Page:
The economist Erik Hurst caused shockwaves in the entrepreneurial community when he suggested, back in 2011, that most small businesses "don't grow and don't innovate in any real way".
But let us consider the facts. Most startups fail. The second most likely outcome is that they'll start small and stay small. But a tiny percentage begin small and grow quickly, creating an outsized share of new jobs and making a disproportionate contribution to the economy.
So more than starting up a company, the ability to scale, and quickly, is where the real value lies. It's why governments across the globe still look towards Silicon Valley and wonder when a Google, Facebook or Apple will be created in their own countries. It's why "scale up" has replaced "start up" as the buzzterm du jour. It's also why the serial entrepreneur Sherry Coutu argued last year that closing the "scale up gap" is the single most effective thing that leaders in government, business and academia can do to drive economic growth.
And a fascinating new study, the High Growth Small Business Report 2015, reinforces her analysis. It has identified a vital group of 22,470 businesses, which have an annual turnover between £1m and £20m, and which achieve more than 20 per cent average turnover growth over a three-year period.
Their employment figures alone should be enough to make the government open its eyes: High Growth Small Businesses (HGSBs) last year created one in three new jobs, despite forming less than 1 per cent of the 5.3 million companies in the UK. Almost 20 per cent of economic growth in Britain, measured as an increase in GVA (Gross Value Added), was from goods and services produced by HGSBs.
The trouble is, the HGSB segment comprises businesses spread across a broad range of industries, which doesn't make for a homogeneous group. This - combined with their small size - helps explain why they're easy for policymakers to miss within the wider SME (small and medium-sized enterprises) sector.
But the report has given them a voice and, based on a survey of 500 HGSBs, has identified a number of issues hindering HGSB leaders, including access to finance, digital connectivity, talent, and transport connections.
Of course, these difficulties are not unique to HGSBs: ask any entrepreneur about their biggest challenge to growth and they'll likely say fundraising. Likewise, most entrepreneurs will attribute their success to the talented individuals working beneath them.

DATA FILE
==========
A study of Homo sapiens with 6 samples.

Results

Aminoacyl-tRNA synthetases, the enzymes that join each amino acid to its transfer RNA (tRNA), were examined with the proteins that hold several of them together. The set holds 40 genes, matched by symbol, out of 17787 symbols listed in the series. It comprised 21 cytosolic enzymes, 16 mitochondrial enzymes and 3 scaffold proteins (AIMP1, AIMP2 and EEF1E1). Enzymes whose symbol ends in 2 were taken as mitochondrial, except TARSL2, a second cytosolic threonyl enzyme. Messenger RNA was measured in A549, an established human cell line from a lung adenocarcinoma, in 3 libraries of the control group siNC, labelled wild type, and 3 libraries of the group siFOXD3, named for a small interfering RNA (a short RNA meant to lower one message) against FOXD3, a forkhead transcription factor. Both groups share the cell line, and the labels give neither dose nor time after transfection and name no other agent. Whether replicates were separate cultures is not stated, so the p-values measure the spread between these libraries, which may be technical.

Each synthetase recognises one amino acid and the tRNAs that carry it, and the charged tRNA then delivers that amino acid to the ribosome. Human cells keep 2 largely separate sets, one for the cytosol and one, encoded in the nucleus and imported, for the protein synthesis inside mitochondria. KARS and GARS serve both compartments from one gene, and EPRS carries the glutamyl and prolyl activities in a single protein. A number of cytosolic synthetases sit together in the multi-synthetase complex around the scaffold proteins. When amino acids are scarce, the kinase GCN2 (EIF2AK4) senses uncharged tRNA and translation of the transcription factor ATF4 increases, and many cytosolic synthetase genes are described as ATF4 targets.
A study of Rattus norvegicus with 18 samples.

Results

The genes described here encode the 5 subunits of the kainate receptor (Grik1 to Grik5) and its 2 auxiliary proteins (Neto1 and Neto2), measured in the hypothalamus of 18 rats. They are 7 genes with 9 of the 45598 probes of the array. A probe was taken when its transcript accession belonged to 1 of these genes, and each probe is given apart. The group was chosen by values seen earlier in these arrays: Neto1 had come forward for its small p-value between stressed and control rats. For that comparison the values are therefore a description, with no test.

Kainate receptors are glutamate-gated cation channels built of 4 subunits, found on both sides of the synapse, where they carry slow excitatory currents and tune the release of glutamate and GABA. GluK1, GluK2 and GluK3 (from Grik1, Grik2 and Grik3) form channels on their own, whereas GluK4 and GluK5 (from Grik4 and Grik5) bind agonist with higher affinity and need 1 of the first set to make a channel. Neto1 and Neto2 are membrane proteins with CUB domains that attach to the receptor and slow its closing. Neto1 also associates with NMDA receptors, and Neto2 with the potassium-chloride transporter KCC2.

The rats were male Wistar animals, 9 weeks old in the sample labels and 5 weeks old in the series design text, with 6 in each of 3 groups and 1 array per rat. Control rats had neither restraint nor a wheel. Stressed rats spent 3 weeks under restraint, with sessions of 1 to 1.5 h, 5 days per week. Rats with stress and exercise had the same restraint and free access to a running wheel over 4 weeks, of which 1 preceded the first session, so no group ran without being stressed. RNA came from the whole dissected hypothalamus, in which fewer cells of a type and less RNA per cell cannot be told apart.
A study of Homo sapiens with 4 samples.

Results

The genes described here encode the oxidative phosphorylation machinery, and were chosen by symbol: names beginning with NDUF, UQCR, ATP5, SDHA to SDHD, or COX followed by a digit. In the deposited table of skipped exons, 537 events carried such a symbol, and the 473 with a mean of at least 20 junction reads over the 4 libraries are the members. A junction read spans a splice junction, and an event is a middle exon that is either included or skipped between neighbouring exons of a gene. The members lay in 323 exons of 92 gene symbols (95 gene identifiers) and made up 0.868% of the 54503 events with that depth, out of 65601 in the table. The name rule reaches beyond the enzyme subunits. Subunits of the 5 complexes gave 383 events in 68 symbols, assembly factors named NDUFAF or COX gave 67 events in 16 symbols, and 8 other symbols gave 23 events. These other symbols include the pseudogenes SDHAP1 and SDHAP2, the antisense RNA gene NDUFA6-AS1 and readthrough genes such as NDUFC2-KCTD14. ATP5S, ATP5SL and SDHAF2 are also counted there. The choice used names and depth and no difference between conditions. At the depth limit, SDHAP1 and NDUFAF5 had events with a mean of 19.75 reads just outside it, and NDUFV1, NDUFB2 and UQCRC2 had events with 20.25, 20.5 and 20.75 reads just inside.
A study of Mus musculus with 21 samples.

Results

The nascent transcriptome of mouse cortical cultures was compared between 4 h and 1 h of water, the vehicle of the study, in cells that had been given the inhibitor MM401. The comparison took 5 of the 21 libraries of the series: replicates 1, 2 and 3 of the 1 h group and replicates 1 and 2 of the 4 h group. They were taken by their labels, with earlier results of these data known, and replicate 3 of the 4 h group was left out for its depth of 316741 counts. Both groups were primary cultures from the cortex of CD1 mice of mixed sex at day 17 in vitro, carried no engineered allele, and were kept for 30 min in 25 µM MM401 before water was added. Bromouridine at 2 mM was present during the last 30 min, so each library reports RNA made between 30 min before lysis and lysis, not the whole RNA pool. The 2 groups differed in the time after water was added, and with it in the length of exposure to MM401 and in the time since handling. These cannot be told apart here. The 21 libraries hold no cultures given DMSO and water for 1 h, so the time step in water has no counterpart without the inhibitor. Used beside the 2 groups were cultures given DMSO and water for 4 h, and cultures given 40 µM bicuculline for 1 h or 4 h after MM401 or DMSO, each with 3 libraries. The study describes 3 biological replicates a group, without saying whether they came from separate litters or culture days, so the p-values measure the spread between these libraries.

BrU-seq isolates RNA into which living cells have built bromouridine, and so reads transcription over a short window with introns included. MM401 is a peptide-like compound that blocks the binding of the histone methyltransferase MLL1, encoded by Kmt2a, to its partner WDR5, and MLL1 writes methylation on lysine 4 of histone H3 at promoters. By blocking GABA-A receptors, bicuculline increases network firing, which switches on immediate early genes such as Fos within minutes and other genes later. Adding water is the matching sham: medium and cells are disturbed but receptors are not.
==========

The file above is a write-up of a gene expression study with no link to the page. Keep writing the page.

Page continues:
But the report also comes up with a suite of robust policy proposals with the aim of both supporting existing HGSBs and of increasing their number by 25 per cent in the next five years. The latter, it is suggested, could lead to the creation of 170,000 new jobs.
The study rightly recommends raising the profile of existing financial initiatives, while using tax incentives to drive money into the HGSB sector. This not only includes promoting Venture Capital Trusts (VCTs) and the much lauded Enterprise Investment Schemes, but also the suggestion that companies investing in VCTs should be able to claim a 30 per cent rebate on the cost of investment.
It recommends developing the Local Enterprise Partnership network to create a dedicated "one-stop shop" service for HGSBs. Entrepreneurs are busy people: a single point of contact for advice and funding is exactly what they need.
It neatly resolves the digital connectivity problem while offering a way for small businesses to have access to government contract opportunities. The government can, it says, open up competition for broadband provision, working with smaller local businesses by expanding the procurement process, and providing incentives for smaller tech companies to tackle specific regional connectivity issues.
And it points out that 60 per cent of HGSBs are based outside London and the South East. If the Chancellor is serious about his Northern Powerhouse, this is where he needs to focus his attention. Geographical inequalities are inevitable - and regional diversity is something to be celebrated. But by narrowing the gaps - creating the right conditions for HGSBs across every region - the government can foster a more balanced and prosperous economy.
Entrepreneurship is often viewed as the quintessential private sector activity. But governments do play an important role - not just on how many businesses are founded each year, but also on the nature of these firms and their ability to grow. If the UK government is serious about making Britain the best place in the world to start and grow a business, it should shift its focus to more support for HGSBs. It should look no further than this report for inspiration.